I’m pretty sure that the optimum beach weather doesn’t include dark clouds, wind and rain.
According to the newspapers, the TV, my Canadian weather app, my grandmother and popular wisdom in Nantes, last Sunday was supposed to be hot and sunny.
Naïve and trustful, we decided to go back to Saint-Michel, even though it required an action plan and careful packing. In France, a few supermarkets open on Sunday morning until 1 p.m. but there was absolutely no chance we would get to Saint-Michel in time to go shopping, so we had to bring enough food from Nantes to feed five to seven people (depending on respective arrival times and planning skills—my uncle and my aunt were coming from Paris and facing a similar grocery conundrum).
We put a couple of water bottles in the freezer to use as ice packs, filled the bags with leftovers, cheese, veggies, yogurt and fruits and somehow managed to fit the four of us plus luggage in the same old white car for the same old 45-minute road trip.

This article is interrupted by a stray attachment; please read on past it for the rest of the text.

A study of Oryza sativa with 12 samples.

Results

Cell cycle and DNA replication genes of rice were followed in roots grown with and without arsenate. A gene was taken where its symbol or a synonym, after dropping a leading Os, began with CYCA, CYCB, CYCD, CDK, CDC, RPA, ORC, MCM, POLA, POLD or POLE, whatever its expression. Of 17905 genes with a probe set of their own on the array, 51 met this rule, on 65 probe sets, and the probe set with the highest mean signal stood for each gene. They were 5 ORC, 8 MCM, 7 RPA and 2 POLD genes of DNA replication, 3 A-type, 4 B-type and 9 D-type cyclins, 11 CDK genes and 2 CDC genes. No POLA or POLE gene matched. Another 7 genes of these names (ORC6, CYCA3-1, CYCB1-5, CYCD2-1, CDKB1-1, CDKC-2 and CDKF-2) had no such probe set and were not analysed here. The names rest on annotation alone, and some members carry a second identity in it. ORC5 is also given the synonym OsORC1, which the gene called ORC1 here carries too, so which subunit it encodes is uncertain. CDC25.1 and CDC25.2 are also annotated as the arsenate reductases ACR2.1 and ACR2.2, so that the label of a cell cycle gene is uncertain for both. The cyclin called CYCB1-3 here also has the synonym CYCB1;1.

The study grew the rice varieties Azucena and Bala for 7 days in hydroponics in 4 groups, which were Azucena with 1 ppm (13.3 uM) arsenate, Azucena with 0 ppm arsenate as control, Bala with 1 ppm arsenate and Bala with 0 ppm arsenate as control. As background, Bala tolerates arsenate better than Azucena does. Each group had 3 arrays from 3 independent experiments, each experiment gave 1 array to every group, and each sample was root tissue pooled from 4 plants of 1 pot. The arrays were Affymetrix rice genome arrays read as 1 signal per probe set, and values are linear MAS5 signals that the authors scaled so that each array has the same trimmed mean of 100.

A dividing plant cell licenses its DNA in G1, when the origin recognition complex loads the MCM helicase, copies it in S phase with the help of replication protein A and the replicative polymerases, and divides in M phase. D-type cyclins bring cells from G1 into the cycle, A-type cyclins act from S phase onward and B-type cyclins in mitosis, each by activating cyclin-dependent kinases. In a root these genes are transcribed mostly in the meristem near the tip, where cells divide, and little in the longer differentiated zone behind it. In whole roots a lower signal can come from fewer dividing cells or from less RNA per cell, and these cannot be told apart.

It was sunny and warm until we arrived in Saint-Michel.
I immediately rushed to Tharon to buy bread. “Summer business hours: open 7/7 except on Sundays” a sign in front of the closed door of the first bakery said. I stared at it for a minute, trying to understand the logic behind the schedule. I gave up and walked down the street to the other bakery, open 7/7 including Sundays.
Four baguettes under my right arms and four kilometres later, I realized it wasn’t just cloudy—it was going to rain.
No point in going to the beach—at least not with a swimsuit and a towel.
I walked to Saint-Michel for a cup of coffee in the cookie factory shop, then I went out again with my mom.
It didn’t take long for us to get soaked. It was worth it, though, because the scenery was amazing. There were “king tides”—exceptionally high tides—and the waves were crashing on the rocks below us. The water was green, the sky was black and blue and the clouds were forming funny and menacing patterns.
Not exactly the kind of beach day I was expecting but an interesting one anyway.